I kicked off my year by getting my ZCE, which seemed like an excellent start. For my next trick, I parted ways with my employers (which sounds radical but really was a long time coming). I had planned on retraining to a "proper job" (accountancy), or going freelance for a while, but this was thwarted by me being offered a job by Ibuildings. They're effortlessly the coolest employers around here in PHP, and they are happy to have me telecommute from my home in Leeds. Working from home has been a new experience, and if I've learned anything, it's that it isn't for everyone. But for me, it works. I think I've done as much work this year as in probably the previous two combined. And of course there is the slight trap of being able to pop back to my desk any time, but I think the balance is just about balanced so far.
I'd already written a few blog posts and contributed to DevZone, and once I met Ibuildings things began to spiral from there. I spoke at the Dutch PHP Conference in June (large auditorium, no speaking experience, not something I'll forget in a hurry), and submitted talks to ZendCon. I wasn't accepted to speak at ZendCon but I did still manage to attend with support from various people, and I spoke in the UnCon while I was there. I also spoke at quite a few more local events, including the girlgeek dinner in Leeds, and the PHPNW User Group. Through the year I also started broadening my skills at work, preparing and delivering training, speaking at a seminar run by Ibuildings, and also speaking at our internal developer meet.
In November I was involved with the PHP North West conference in Manchester. This was huge fun! We didn't have a whole lot of experience but we just pitched in, begged help from anyone and everyone, and ended up with a very successful event. For me it was all the joy of a conference and seeing my PHP buddies without any of the flying around the world being in another country bits that I'm less keen on. We had a fun weekend, everything went smoothly, and personally I had a blast.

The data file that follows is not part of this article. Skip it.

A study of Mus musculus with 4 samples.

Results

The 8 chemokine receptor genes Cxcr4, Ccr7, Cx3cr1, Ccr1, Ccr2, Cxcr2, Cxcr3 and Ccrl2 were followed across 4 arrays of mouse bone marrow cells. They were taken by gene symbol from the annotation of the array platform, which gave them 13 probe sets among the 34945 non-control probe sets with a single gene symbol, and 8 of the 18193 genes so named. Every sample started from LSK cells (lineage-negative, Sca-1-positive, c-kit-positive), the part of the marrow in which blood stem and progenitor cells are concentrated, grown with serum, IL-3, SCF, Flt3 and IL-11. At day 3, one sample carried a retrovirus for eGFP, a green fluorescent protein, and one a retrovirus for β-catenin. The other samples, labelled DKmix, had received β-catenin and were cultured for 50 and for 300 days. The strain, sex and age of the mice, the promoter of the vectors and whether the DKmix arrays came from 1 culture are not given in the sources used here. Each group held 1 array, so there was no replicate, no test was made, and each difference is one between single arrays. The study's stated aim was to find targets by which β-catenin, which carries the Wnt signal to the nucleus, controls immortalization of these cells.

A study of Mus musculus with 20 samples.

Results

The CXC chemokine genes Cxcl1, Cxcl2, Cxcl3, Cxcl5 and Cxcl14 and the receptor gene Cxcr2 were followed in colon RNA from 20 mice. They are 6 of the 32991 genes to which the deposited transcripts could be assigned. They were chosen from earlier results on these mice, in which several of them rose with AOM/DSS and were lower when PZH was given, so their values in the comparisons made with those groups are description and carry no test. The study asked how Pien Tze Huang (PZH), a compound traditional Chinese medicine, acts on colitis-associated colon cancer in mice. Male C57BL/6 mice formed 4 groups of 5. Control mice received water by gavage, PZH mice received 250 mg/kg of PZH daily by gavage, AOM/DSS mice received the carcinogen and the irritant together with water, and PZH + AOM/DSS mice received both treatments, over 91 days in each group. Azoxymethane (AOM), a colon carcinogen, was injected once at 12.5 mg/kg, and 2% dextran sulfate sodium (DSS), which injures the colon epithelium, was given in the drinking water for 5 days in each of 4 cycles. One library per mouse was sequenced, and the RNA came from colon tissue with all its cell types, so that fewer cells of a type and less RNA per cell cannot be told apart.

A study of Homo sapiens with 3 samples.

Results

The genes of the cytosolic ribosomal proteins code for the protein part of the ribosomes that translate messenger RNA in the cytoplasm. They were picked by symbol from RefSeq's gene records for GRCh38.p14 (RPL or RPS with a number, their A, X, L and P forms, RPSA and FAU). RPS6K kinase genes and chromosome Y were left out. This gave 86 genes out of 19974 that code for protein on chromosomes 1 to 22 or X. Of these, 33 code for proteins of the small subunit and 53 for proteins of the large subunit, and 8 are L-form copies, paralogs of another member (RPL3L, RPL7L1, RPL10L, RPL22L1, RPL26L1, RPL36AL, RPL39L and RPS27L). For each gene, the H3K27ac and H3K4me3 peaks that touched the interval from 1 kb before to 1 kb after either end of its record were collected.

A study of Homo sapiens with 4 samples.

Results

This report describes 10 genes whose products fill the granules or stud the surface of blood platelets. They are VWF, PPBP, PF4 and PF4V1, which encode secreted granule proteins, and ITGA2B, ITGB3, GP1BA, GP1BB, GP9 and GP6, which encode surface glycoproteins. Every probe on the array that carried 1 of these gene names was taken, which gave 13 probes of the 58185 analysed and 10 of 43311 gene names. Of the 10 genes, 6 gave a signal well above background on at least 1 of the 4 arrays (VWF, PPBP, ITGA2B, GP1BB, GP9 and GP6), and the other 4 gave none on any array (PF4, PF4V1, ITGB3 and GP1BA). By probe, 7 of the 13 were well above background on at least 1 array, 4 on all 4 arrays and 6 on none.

For the last couple of years, I've posted little screenshots of my blog stats on here, see one from 2007 (scroll right down) and also from 2006. This year, well, I've considered my stats to be "off the scale" numerous times. In fact, at one point I was convinced I'd had some kind of attack or other malfunction when I saw the spike ... when actually all that happened was that I wrote a popular article and people clicked through! So here's this year's entry.
Its been really exciting to see the y-axis labels change so much over the course of the year on this site, and I have every intention of continuing writing through 2009. I've been prolific this year with 195 blog posts; that pace won't continue, but I hope to continue to find a few minutes on a regular basis to record useful odds and ends that I would have to look up again next time. Perhaps I should be making more of it but I do still use this blog mostly as a replacement for a good memory! I've been blogging for almost three years and its been great to take the time to write some words rather than the code I usually work with. I was also delighted to be invited to write an article for php|architect magazine - you can see it in the /etc column in December's issue.
Looking ahead to 2009, what is in my future? Well after the experiences of the last few years, all I know is: you never know what is around the corner! I've a trip to south america starting next week, and I'll be speaking at php|tek in Chicago in May. All being well, a new niece or nephew will put in an appearance in early July. As for the rest, well, I'm hoping for good health and a quiet life - and the same for you all!